Patina Gallery: Betsy Youngquist Art Exhibition

A mixed media sculpture by Betsy Youngquist will be featured in Patina’s new exhibition, Season of the Surreal. Courtesy photo
SANTA FE Patina Gallery is venturing into the hypnagogic world of Betsy Youngquist. Her mixed media sculpture will be featured in Patina’s new exhibition, Season of the Surreal.
The exhibition opens at Patina Friday, Nov. 2. There will be an opening reception and an opportunity to meet the artist 5-7 p.m. at the gallery in Santa Fe.
Her figures play within a fantasia of the imaginative and the peculiar, which continuously question our senses. Her pieces embody interesting juxtaposition; a rabbit body combined with a doll face, or an octopus figure with doll eyes and a mouth. The structures work to bring different narratives together in order to enrich the work and also the viewer’s experience.
“All of my work belongs in the same world. A world where we are “off” on the surface, judged perhaps, yet underneath we are pure gold. I know I am making a friend when I make a creature. I start with the eyes, getting to know them, and then they show me what they want to become.” Youngquist said.
Her exploratory nature is what grabbed the attention of Patina curators, Allison and Ivan Barnett. On a trip to New Orleans, the couple came upon her sculptures unexpectedly in the French Quarter. Enamored with the detail and eccentricity, they considered showing her work in an exhibition. Upon making the offer, Youngquist readily accepted.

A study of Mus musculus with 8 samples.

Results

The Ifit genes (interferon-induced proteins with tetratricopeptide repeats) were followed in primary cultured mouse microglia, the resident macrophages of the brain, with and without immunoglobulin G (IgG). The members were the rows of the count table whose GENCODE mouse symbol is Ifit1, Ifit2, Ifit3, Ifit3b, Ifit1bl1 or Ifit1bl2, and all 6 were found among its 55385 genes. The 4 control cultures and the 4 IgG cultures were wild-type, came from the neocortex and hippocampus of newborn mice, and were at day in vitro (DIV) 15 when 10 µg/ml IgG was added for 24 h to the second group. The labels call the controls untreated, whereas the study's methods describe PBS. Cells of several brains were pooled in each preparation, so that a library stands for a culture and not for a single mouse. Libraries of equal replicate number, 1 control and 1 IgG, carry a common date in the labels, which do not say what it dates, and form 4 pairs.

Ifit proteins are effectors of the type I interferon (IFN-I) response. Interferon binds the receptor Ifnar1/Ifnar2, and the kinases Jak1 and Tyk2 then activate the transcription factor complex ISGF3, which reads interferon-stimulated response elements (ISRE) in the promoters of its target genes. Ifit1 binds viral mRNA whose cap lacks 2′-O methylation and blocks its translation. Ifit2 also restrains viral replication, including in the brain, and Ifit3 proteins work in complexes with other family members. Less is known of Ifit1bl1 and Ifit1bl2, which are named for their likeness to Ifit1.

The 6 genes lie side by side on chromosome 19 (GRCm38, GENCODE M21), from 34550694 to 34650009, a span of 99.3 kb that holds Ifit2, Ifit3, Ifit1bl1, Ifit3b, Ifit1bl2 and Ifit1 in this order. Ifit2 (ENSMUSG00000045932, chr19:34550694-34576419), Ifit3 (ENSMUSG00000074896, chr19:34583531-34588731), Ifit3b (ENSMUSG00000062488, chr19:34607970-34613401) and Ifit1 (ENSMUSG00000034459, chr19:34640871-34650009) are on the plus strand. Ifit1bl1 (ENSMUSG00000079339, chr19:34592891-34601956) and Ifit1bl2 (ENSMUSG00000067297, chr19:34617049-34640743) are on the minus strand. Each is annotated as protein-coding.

Surrealism, the term coined by writer Andre Breton in his “Manifesto du Surrealism” is based on a belief in the “superior reality”. Much like the significant movement of the early 1920s and 30s, Youngquist’s Season of the Surreal presents to us a divergent reverie and asks the viewer to evaluate and reassess their own inspirations and understanding of art and life.
Youngquist adds, “Being a surrealist helps me explore and dance in the energy of the interconnectedness of all things. Somehow we are all a continuum that transcends time and space. That possibility is reinforced through the creative endeavor.”
About Betsy Youngquist:
(1965-) Betsy Youngquist was born in Rockford, IL. At a young age, Youngquist was introduced to the Northwest United States and Western Canada, introducing her to First Nations, American Indian and Intuit artwork and people.
Her early encounter in these areas influenced her love of beads and her respect for mythological and spiritual understandings through art.
She admires cultures where art is a sacred creation and acts to bridge the spiritual with the mundane. Supernatural experiences heavily influence the subjects in Youngquist’s art. She continues to explore the metaphysical through her work, believing, “our bodies are the vehicle of interface between the physical and our spiritual source.”